Humanity has an obsession with bricks. We use them to build our homes, spruce up our landscaping, make pizza ovens, and much more. That’s mostly because they are highly versatile and resilient against things like high pressure and frost. Bricks withstand fluctuating temperatures without shrinking or expanding and they’re great at absorbing heat. They’re also reusable and last for centuries.
But what if they could do more?
Researchers from Washington University in St. Louis believe that they can. In fact, their team created a method that turns everyday bricks into batteries that can store electricity and power devices. Their research was published in the journal Nature Communications.
Bricking Your Devices
Typically, the word brick is a bad thing when used in the same sentence as electronic devices. That isn’t the case with this application.
To understand the method for turning bricks into batteries, it’s important to know what goes into a brick. They get their warm brown-red color from an iron oxide called hematite. Oddly enough, hematite is also used in high-tech energy storage facilities.
By putting those facts together, scientists working on the project uncovered a breakthrough. They developed a method to modify bricks in a way that allows them to store electricity.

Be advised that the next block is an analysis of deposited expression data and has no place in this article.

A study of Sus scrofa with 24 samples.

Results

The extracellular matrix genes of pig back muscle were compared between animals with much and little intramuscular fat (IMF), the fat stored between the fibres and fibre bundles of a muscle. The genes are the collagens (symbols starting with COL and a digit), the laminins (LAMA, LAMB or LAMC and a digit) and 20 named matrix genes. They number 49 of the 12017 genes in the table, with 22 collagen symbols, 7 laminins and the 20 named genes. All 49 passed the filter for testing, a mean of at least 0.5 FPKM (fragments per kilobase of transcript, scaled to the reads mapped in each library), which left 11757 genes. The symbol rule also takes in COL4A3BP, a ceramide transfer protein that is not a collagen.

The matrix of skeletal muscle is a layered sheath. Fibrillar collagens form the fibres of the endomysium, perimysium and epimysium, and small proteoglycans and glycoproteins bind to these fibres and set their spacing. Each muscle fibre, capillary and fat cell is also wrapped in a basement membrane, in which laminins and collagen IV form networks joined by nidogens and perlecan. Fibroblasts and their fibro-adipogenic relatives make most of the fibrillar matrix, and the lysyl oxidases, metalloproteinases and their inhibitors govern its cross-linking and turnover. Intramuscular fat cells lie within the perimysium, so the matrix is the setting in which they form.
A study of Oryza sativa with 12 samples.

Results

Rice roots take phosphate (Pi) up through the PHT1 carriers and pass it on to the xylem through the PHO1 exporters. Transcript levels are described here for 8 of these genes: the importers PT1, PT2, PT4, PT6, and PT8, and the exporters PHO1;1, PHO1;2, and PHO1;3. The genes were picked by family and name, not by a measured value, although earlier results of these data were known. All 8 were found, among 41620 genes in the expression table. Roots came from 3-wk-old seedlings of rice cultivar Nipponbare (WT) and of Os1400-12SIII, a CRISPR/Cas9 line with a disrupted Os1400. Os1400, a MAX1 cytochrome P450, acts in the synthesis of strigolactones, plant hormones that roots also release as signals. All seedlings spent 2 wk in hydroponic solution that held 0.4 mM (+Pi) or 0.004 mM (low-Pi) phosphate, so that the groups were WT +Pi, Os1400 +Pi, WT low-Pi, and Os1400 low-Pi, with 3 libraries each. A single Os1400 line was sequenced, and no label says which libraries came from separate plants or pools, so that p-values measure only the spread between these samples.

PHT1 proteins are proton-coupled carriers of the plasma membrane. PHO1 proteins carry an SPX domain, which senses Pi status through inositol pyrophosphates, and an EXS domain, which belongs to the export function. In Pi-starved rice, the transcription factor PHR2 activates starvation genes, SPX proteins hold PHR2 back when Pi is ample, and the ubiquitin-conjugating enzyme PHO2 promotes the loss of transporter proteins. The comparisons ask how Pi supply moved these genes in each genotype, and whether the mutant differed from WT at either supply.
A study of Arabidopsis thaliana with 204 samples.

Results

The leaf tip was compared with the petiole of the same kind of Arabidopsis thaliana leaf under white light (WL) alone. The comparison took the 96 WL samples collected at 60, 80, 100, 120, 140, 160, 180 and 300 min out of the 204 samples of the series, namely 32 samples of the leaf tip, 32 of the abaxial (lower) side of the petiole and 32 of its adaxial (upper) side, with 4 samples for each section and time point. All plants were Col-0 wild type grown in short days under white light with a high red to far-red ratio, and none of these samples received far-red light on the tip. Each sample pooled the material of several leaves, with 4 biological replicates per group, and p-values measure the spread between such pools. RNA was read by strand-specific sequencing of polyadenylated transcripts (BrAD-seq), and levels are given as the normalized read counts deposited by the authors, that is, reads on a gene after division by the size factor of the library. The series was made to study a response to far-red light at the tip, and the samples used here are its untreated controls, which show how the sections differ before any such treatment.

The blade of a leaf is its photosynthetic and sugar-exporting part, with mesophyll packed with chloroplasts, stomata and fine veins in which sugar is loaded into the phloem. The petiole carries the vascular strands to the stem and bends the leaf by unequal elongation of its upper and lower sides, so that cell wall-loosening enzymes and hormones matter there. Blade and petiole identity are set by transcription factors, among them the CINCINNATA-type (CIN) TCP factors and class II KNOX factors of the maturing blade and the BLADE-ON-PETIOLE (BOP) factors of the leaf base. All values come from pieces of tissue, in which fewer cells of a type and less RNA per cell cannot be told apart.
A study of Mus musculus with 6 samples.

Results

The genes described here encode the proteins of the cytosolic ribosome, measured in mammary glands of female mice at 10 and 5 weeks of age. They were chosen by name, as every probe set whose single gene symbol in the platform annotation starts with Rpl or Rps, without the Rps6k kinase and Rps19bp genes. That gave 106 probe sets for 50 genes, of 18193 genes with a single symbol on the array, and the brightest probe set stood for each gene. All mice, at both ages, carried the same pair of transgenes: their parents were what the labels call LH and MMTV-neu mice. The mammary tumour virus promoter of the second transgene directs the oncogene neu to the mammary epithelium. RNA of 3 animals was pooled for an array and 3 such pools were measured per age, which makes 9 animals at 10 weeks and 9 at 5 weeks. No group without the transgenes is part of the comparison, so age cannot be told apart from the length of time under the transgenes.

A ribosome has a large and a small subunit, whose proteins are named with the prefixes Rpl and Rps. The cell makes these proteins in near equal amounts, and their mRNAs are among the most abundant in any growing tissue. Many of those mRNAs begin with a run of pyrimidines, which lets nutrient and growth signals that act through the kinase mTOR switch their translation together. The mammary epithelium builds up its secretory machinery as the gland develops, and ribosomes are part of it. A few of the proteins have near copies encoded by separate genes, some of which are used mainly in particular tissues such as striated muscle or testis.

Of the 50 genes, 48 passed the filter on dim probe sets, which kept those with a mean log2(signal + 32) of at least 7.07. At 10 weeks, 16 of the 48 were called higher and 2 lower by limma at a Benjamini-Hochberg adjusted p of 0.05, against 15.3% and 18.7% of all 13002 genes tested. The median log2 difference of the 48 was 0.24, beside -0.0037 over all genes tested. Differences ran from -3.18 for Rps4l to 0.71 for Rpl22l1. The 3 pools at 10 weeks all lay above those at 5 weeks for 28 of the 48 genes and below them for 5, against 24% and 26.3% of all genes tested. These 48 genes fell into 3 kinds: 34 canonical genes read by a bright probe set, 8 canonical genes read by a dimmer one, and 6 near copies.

To do so, researchers coated regular bricks with a gas containing molecules that interact with hematite to trigger a polymerization reaction. Ultimately, it creates a polymer called PEDOT, which is able to store and conduct electricity.
Researchers then charged the bricks with a solar cell. They gave half of the bricks a negative charge and gave the other half a positive one. After connecting them with copper tape, the researchers had a crude battery.
To prove that their invention worked, they used the bricks to power a small LED light.
The team says that their brick batteries can be recharged in 13 minutes and have a lifespan of up to 10,000 charges. Sadly, they can’t store much energy. Julio D’Arcy, one of the researchers working on the study, says that 50 bricks can power three watts of emergency lighting for about 50 minutes. To put things in perspective, three watts is about equal to an LED desk lamp.
He seems to recognize the limitations of the brick batteries, saying, “We could just increase the number of bricks to increase the amount of energy you can stored, but we know that’s not a great strategy because coating more and more bricks can get expensive.”
Could it Work?
While this is a neat idea and has plenty of applications for the future, they are still many years away. Don’t expect brick walls to function as massive battery packs anytime soon.
Still, the brick batteries have a lot of potential. The team believes they could one day be used to power small electronic devices like carbon dioxide and smoke detectors. With some improvements to the process, the team also thinks it can drastically increase the storage capacity of the bricks.
If they succeed, brick batteries could quickly become a staple of solar-powered homes and green energy solutions.
“Bricks are so special to humans. We live in them, we’re always interacting with them,” D’arcy said. “We just want to improve them.”